By Shimon Sharif
The Indian Paralympic shooting team for the IPC World Cup in Turkey encountered a similar - rather more difficult - problem when they got the government approval to travel late on May 1 and boarded the flight early
on May 2, knowing well that they were taking a calculated risk as the competition had already started on April 30.
The team reached the venue at Antalya at 2:30 pm but by that time the air rifle competition, in which Naresh Kumar Sharma had to shoot, had already started.
Left with little choice, Naresh - with 99% disability and paralysed from waist below - pleaded with the organisers and the jury and he was finally allowed to shoot the second detail at 4:15 pm. With barely any time to freshen up or overcome the fatigue of a nine-hour journey, the physically-challenged marksman rushed empty stomach to the equipment control and medical rooms before heading to the competition arena.
Still, the Delhi-based shooter made it to the finals placed eighth with a score of 574/600 in 10m air rifle. In the finals, he shot an amazing 99.4 to finish an impressive sixth. Naresh is the only paralympic shooter to have qualified for the London Paralympic Games and if he has to grapple with the Indian officialdom in this manner, it's anybody's guess what obstacles the others might be facing.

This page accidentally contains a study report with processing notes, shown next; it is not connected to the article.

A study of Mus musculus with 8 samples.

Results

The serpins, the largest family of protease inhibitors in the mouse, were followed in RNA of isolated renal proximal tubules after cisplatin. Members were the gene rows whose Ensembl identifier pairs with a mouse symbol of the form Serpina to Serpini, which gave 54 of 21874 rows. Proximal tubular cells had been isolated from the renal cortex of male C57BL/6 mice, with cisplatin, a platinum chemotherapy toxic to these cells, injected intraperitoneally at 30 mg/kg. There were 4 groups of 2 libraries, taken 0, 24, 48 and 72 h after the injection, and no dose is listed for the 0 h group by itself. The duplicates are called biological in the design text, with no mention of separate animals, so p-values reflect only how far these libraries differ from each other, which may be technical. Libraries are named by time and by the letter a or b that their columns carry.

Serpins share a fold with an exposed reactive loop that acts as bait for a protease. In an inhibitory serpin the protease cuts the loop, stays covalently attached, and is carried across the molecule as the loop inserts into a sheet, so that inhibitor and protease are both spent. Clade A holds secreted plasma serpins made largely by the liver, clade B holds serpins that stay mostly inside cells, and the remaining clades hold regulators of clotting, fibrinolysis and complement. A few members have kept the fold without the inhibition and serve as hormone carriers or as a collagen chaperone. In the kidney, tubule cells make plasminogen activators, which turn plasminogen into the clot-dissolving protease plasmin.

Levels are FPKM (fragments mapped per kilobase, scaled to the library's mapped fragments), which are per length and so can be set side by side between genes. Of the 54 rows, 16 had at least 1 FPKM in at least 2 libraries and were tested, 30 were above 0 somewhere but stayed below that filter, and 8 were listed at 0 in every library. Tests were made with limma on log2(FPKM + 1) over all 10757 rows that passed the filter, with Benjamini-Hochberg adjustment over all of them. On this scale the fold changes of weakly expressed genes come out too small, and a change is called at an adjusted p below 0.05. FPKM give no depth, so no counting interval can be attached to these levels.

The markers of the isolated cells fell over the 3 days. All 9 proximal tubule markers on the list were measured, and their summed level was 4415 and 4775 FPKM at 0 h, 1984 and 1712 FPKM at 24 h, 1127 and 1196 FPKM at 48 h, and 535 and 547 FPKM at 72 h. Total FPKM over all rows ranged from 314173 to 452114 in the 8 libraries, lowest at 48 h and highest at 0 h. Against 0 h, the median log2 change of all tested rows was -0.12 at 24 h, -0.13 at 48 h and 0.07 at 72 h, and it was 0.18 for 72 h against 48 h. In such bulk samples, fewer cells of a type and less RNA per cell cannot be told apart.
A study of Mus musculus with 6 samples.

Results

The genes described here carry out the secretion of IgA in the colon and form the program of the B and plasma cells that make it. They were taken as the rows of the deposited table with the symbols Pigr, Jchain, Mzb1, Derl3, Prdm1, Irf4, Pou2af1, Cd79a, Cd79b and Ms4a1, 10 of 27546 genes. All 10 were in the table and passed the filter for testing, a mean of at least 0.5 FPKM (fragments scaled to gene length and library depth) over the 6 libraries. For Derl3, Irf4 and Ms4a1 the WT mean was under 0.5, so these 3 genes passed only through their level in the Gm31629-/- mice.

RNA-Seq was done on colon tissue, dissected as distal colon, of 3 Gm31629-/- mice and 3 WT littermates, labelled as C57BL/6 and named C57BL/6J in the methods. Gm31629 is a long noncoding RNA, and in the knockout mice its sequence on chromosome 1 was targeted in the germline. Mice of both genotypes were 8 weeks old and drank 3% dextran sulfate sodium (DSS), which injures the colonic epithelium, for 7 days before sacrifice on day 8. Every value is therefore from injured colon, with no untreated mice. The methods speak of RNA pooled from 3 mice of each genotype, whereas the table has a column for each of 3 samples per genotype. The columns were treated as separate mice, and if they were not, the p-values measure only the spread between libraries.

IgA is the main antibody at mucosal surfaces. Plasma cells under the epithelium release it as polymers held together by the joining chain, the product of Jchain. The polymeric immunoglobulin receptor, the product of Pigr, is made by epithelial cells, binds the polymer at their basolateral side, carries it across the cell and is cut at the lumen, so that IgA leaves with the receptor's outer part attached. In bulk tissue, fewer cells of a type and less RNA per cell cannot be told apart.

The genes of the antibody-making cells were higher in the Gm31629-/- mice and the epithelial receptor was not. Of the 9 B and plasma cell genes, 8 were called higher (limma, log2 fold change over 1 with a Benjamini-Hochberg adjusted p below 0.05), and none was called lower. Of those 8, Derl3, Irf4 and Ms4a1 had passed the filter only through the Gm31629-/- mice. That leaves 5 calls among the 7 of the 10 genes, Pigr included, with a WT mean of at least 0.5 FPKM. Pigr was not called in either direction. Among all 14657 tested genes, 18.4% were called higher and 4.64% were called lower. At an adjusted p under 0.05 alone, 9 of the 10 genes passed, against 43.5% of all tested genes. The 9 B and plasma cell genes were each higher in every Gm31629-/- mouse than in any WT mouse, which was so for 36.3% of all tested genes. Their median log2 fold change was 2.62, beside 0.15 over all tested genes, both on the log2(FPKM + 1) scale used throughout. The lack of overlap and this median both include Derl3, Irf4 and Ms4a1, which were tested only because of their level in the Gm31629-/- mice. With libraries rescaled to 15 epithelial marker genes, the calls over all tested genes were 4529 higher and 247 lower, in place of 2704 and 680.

Coach of the Indian Paralympic team, Sudhir Tomar, said, "Had the team got the government clearance two days in advance, the results would have been much better.
"I don't think other countries treat their athletes like this. Naresh is the only shooter from the country to have made it to the IPC World Cup finals in a long time and this is the treatment meted out to him," added Tomar.
Naresh shot a 574 (94,96,95,96,96,97) to qualify for the finals and then went on to shoot 99.4 to move up two places. The gold medal was won by Lurii Stoiev (Ukraine) with a score of 689.3 (589+100.3), while the silver went to Franc Pinter (Slovakia) 687.9 (587+100.9).
At the Beijing Paralympic Games in 2008, Naresh had finished fifth after an impressive showing in 50m rifle prone. He had recently said that he was completely dependent on the government support for London Games preparations. Despite such creditable performances, Naresh, who is a medal hope at London, is still without a sponsor.
Being repeatedly shot down by one and all, Naresh's unflinching belief in himself is what keeps him going.
The author is a rifle shooter of repute.